The Student News Site of Northern Illinois University

Northern Star

‘Priscilla’ highlights power imbalance

Elordi, Spaeny stun
From left: Sofia Coppola, Cailee Spaeny and Jacob Elordi pose at the Venice Film Festival in Venice, Italy. The A24 film delves into the life of Priscilla Pressley. (Vianney Le Caer/Invision/AP, File)

Sofia Coppola’s “Priscilla” feels real; and while it may be a little trim at times, the film is important, if only for the story it’s telling.

“Priscilla” tells the story of Priscilla Beaulieu, a 14-year-old girl who met Elvis Presley during the height of his fame. 

The 24-year-old Presley developed a predatory crush on Priscilla, luring her in with his fame, charm and prescription drugs. The film follows Elvis Presley and Priscilla Presley’s “relationship” as Priscilla grew up. She even moved into Presley’s house to be closer to him while finishing high school.

The film reverses the narrative-norm, from glorifying Elvis Presley to depicting how Priscilla Presley saw their relationship. Telling the story of an abused child, the film looks at the system built around Priscilla Presley in order to ensure she stayed tied around Elvis Presley’s finger. 

Cailee Spaeny’s performance of Priscilla Presley, which won Best Actress at the Venice Film Festival in September, perfectly spans the multi-decade timeline of the film. Spaeny captures the youth of Priscilla Presley at the beginning of the movie and the maturing, adult Priscilla Presley at the end of the movie.

Spaeny’s performance is full of emotional subtleties. When she first arrives at Graceland, Elvis Presley’s house, and he is leaving to go shoot a movie, Spaeny subtly flinches when he calls her “baby girl” because even the teenage Priscilla Presley knows she is a hyperbolic baby girl compared to the star. 

Spaeny perfectly balances love, fear and uncertainty between her character and Elvis Presley. She changes that balance as the movie goes on and Priscilla Presley learns more about Elvis Presley and their relationship.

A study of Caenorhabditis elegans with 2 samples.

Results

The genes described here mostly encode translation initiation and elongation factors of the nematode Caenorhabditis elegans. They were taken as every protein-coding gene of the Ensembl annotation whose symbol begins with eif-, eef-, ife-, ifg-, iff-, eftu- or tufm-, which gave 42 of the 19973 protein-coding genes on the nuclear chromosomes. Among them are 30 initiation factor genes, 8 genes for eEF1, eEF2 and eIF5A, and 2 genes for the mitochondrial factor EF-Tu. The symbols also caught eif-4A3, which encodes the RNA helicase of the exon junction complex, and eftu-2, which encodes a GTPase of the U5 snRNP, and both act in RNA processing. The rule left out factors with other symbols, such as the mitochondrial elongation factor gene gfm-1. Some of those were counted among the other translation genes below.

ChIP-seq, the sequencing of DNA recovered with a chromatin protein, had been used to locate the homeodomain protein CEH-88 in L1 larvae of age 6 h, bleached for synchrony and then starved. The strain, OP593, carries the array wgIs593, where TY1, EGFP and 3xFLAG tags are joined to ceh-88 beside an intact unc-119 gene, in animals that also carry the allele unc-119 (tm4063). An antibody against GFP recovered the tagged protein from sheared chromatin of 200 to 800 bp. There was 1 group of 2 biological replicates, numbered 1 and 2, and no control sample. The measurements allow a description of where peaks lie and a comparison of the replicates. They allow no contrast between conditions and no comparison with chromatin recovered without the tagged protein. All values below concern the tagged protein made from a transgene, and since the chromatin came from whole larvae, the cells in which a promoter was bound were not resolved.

Paired with Jacob Elordi’s Elvis Presley, the film’s main duo is dangerously entrancing. Elordi combines Elvis Presley’s signature charm with a frightening and hidden rage. 

Effortlessly switching between these two emotions, Elordi embodies the legend, bringing out a more relaxed version of Presley’s voice, one that feels far more true than Austin Butler’s impression from last year’s addition to the Elvis canon. 

To make these performances even more realistic, Tamara Deverell’s set design, Cliona Furey’s hair and Jo-Ann MacNeil’s make-up helped build the world around these two pillars. 

My biggest qualm with the film is its understated color. While this calm, cool vibe is typical in a Sofia Coppola film, there were moments where the color is too muted. It was almost like the film was playing on a phone with low brightness. 

Despite the cinematographic lapse, the ending was shocking, not for any plot reasons, but because of how quickly it arrived. With a run time under two hours, this film is quick, especially compared to the three-hour epics that have been released this year – like “Oppenheimer” and “Killers of the Flower Moon.”

When the final scene hit and the credits rolled, it felt like there was still 20 minutes or 30 minutes left of the film, a choice that may have been calling attention to the fact that Priscilla Presley still has a life to live.